Review by Gordon Justesen
Morgan Freeman, Thomas Jane, Jason Lee, Damian Lewis, Timothy Olyphant, Tom
Sizemore, Donnie Wahlberg
Director: Lawrence Kasdan
Audio: Dolby Digital 5.1, French Dolby Digital 5.1
Video: Anamorphic Widescreen 2.35:1
Studio: Warner Bros.
Features: See Review
Length: 134 Minutes
Release Date: September 30, 2003
with me, Owen. I’ll show you things you’ll wish you never seen.”
So far, there have
been two releases this year that I liked, while all the top critics united in
bashing to unnecessary full extremes. They were Bad Boys II and Dreamcatcher,
the latter being the latest Stephen King novel to make it to the big screen. I
hope my accurate review will help illustrate my point that this time around, the
critics were wrong.
In some respects
the movie, directed by the multi-genre talented Lawrence Kasdan, can best be
described as two completely different genres mixed into one entertainment. The
first half is a much strong account of four friends who’ve known each other
since their childhood. The four men, each haunted by something each of them
posses, are about to go on a yearly trip to the wilderness, where the second
part of the movie kicks into high gear.
From what I
gathered, critics were eager to rip the film apart for its alleged cliché
ridden story surrounding a possible alien invasion on U.S. soil. The centerpiece
of the story does concern the arrival of deadly extraterrestrial activity, and
despite the harsh reviews, this part of the movie is done quite well. But Dreamcatcher
also happens to have a great deal of character development, as the story
centers in closely on the four men before and during their trip to the woods.
The men are Henry
(Thomas Jane), Beaver (Jason Lee), Pete (Timothy Olyphant), and Jonesy (Damian
Lewis), and they get together the same time each year and travel to the
wilderness. The four men have each hit something of a bump in their lives, which
comes as the result of a special telekinetic power that each of them posses.
When they were kids, they rescued a retarded boy from a group of bullies. The
boy, named Duddits, possibly returned the favor by lending each of them a
special mental ability.
beginning their yearly lodging in the woods, the men soon come face to face with
the unexpected. They encounter a lost hitchhiker, who looks infected from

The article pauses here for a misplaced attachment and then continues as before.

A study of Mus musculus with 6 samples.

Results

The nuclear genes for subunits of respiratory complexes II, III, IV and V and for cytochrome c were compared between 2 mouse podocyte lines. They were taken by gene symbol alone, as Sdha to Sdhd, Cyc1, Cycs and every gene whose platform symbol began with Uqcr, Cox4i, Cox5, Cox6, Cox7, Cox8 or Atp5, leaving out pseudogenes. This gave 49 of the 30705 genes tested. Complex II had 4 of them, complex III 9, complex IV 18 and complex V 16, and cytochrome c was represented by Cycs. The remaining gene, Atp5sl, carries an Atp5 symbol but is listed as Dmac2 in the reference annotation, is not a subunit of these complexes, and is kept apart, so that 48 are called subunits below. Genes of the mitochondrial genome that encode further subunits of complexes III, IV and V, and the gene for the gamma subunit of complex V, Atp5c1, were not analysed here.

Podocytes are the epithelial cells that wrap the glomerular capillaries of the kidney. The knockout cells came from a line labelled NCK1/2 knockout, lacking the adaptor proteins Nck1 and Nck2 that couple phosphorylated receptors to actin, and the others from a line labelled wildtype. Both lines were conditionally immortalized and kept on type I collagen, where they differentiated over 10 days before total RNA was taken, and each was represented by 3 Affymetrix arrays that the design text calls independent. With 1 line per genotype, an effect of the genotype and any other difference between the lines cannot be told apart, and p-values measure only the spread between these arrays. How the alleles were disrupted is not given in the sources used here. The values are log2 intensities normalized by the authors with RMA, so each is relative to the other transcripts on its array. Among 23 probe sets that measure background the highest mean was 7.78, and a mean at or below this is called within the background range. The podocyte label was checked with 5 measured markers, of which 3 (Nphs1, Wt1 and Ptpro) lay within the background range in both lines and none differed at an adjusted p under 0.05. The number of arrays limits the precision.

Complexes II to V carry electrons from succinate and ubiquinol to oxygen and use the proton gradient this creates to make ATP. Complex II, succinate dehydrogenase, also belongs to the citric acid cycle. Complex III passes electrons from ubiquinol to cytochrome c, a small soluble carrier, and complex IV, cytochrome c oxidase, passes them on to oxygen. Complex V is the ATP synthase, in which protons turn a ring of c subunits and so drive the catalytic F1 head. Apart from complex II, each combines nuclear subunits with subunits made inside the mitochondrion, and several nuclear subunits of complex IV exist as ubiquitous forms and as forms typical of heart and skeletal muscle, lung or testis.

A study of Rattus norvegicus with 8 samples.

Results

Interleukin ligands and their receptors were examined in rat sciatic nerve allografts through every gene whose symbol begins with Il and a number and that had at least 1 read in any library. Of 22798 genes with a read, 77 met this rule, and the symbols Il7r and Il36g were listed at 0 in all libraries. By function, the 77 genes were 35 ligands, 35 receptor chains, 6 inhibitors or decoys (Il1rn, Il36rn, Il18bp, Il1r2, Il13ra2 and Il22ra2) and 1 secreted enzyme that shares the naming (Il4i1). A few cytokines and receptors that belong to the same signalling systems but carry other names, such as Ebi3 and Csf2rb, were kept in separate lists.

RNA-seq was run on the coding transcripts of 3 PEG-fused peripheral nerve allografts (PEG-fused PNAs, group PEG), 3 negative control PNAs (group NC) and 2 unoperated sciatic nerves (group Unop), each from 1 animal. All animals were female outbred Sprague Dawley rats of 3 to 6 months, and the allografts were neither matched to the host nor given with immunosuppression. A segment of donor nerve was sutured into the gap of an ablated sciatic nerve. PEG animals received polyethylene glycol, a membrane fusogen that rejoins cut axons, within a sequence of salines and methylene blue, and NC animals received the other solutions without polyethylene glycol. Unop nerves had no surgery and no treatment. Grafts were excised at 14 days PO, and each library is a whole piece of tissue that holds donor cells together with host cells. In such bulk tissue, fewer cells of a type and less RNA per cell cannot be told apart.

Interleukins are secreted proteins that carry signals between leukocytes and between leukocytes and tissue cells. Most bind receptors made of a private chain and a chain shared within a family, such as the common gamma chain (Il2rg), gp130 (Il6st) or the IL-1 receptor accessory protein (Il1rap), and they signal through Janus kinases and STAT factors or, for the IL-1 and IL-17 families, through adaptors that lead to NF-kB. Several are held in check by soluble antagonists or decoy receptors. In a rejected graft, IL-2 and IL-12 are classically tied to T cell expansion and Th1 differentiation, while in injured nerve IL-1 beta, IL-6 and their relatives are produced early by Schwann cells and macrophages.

something. Before long, a worm-like alien creature has hatched (in a most
disgusting way, I might add) from the man’s body, and they must engage in a
battle of wits against an alien force that may have been foreseen by Duddits.
Another part of the
movie involves a covert military unit of alien chasers, led by veteran Col.
Abraham Kurtz (Morgan Freeman), who insists on a thorough quarantine of the
entire area, of which has been laced with alien activity. The twist with
Freeman’s character is that he has gone insane from years of chasing down
E.T.’s all over the world, and his decision to inevitably slaughter infected
but innocent humans may challenge the morals of his second in command (Tom
Movies like this
aren’t made that often, and I feel the gimmick of mixing in two kinds of
stories into the same movie, and involving the same characters is a much
fascinating one. In fact, many of Stephen King’s novels have a much similar
narrative, taking the stories rich characterizations and plunging them into
unimaginably terrifying situations. Another movie that pulled of a similar trick
was Robert Rodriguez’ From Dusk Till
Dawn, the cult classic which began as a criminals-on-the-lam action flick,
only to morph into a vampire bloodbath halfway through the movie. The movie was
the ultimate hybrid of two genres, and Dreamcatcher
accomplishes the same technique very well.
Loaded with a sharp
narrative style, sleek suspense, stunning effects, very memorable human
characters and some uniquely disgusting looking alien creatures, Dreamcatcher
is, in my opinion, the best alien creature movie since Alien
or The Thing. A note to the wise, you
might want to consider watching this movie before eating rather than the other
Warner has had many
terrific looking discs this year, but Dreamcatcher
is thus far their most grand looking presentation for 2003. Set in a mostly
snowy setting, the anamorphic picture outstandingly enhances the landscapes and
stunning camera work by veteran John Seale. No image flaws detected at all, and
the special effects sequences, including an elaborate air strike on the aliens,
look nothing short of spectacular in the format. A full screen version is also
Having seen the
movie during its theatrical run, I had a feeling the audio area would get its
share of excellence, and I was right. The 5.1 track excels in non stop sharpness
in all noted areas, including that of dialogue, special effects sequences, some
minor action set pieces, and James Newton Howard’s pulsating score which
really delivers during scenes of suspense. A superb sound of a movie that is one
of the best audio tracks of the year, as well.
Even though a
potentially intriguing commentary track is missing, Warner has included some
good enough feats for this disc. Included is an alternate ending, as well as 4
additional deleted, or “lifted”, scenes. Also featured are three nicely done
documentaries, “DreamWriter-An Interview with Stephen King”,
“DreamWeavers-The Visual Effects of Dreamcatcher” and “DreamMakers-A
Journey Through Production”, and a teaser trailer.